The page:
What will Gabe Kapler do today? Kapler has certainly kept it interesting so far, and Wednesday's 4-1 win over Baltimore was no different. He called on Hector Neris to record just the final out of the ninth inning after Edubray Ramos had done the heavy lifting for the first two outs. Neris, Kapler said, "matched up beautifully." He sure did. The Phillies are eight games over .500. Don't ever change, Gabe.
You're signed up to get this newsletter in your inbox every weekday during the Phillies season. If you like what you're reading, tell your friends it's free to sign up here. I want to know what you think, what we should add, and what you want to read, so send me feedback by email or on Twitter @matt_breen. Thank you for reading.
— Matt Breen (firstname.lastname@example.org)
The Phillies actually will have to think later this month about which pitcher they will remove from the starting rotation when they activate Jerad Eickhoff from the disabled list.
It's been a while since the Phillies had a starting rotation of five competent pitchers. It seemed over the last few seasons that there was always one dud who could easily be pushed out once a pitcher such as Eickhoff was ready to return. There was little thought needed when it came time to trim the back of the rotation.
Nick Pivetta was excellent yesterday and delivered the type of start — one run and 11 strikeouts over seven innings — that virtually secures him a spot in the rotation. Vince Velasquez, coming off a 12-strikeout game, will have his chance to secure his spot tonight in St. Louis. And it was once easily assumed that Zach Eflin would be the odd man out once Eickhoff returned. But the Phillies will have a tough time sending Eflin back to triple A if he pitches Saturday the way he has pitched in his first two starts.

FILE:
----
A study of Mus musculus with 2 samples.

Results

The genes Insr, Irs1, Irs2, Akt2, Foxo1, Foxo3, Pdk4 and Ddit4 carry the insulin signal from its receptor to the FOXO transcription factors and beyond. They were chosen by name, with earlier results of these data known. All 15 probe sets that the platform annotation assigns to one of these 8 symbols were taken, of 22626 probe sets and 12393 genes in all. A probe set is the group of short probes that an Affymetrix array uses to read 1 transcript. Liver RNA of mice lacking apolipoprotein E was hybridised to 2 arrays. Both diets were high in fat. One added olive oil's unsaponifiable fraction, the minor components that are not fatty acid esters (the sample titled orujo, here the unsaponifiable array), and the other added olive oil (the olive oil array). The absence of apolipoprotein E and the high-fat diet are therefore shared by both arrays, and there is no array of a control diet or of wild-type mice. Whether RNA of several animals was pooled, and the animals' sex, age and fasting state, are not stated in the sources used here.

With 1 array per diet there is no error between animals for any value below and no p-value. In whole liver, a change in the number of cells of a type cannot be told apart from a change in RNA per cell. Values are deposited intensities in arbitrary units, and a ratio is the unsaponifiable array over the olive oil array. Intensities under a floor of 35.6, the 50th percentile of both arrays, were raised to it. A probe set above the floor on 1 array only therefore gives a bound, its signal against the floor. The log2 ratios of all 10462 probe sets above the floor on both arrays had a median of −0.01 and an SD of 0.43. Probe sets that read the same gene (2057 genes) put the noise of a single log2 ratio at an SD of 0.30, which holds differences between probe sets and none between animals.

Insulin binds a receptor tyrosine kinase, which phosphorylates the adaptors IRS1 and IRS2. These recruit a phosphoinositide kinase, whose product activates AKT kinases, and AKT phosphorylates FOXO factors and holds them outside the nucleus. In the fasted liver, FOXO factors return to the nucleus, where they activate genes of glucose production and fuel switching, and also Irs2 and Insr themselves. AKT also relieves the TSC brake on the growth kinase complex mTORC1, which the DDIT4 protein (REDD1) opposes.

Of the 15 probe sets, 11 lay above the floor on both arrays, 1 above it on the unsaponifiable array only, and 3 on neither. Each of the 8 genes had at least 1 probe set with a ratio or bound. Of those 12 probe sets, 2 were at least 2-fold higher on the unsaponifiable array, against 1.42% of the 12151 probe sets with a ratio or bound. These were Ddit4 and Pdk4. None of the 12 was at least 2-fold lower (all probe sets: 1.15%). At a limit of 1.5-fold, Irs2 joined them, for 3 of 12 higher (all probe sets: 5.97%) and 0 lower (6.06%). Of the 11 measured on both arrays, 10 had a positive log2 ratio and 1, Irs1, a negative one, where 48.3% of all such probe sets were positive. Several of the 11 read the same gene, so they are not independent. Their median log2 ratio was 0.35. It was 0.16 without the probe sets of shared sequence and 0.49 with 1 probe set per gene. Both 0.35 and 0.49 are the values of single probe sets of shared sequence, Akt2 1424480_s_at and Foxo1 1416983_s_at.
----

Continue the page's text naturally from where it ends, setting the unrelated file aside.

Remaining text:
The Phillies finally have some good problems at the back of their rotation. The rotation, headed by Aaron Nola and Jake Arrieta, has a 1.92 ERA in 12 May starts. Take away Pivetta's ugly day in Washington, and the rotation has a 1.17 ERA this month. Pivetta's start Wednesday was the 10th time this month that a Phillies starter allowed one or zero runs. The starters are more than just competent. Now, they just have to make room for Eickhoff.
"He's earned that. So, we're going to set our sights on him [Eflin] joining the rotation," general manager Matt Klentak said. "We still have a few weeks until that day comes, but when that time comes, we'll make the best decision we can based on the information that we have at that moment. A lot can change between now and his activation date."
Nick Pivetta, Gabe Kapler said, had "dominating stuff" yesterday and that seems a pretty apt description considering the way the righthander handled the Orioles. Pivetta retired 12 batters in a row, and his fastball touched 96 mph in his final inning of work. The pitcher said his day was "satisfying."
Kapler explains why he took out Edubray Ramos in the ninth inning after he needed just six pitches to strike out the first two batters. The ninth inning will not be orthodox now that the Phillies do not have a defined closer. Colleague Scott Lauber even gave the approach a name: "Bullpen by Gabe."
The Phillies sent Mark Leiter Jr. to triple A and will make a move before tonight's game in St. Louis. Both Adam Morgan and Victor Arano are ready to be activated from the disabled list, and at least one of them will join the Phillies in St. Louis.
Today: Phillies open four-game series in St. Louis, 7:15 p.m.
Tomorrow: Jake Arrieta vs. Michael Wacha, 8:15 p.m.
Saturday: Zach Eflin makes the afternoon start, 2:15 p.m.
Sunday: A nice matchup of Aaron Nola vs. Jack Flaherty, 2:15 p.m.
Monday: Phillies return home to play the first-place Braves, 7:05 p.m.
Luis Garcia came through in another key spot Wednesday when he recorded the final two outs of the eighth inning and extinguished an Orioles rally. The reliever retired Manny Machado with the bases loaded to strand the two runners he had inherited from Tommy Hunter. Garcia has stranded all 15 of his inherited runners this season. He is one of just three relievers in baseball to have at least 10 inherited runners and strand them all. Garcia has not allowed a hit in his last seven appearances and has quietly emerged as a key piece of a solid bullpen.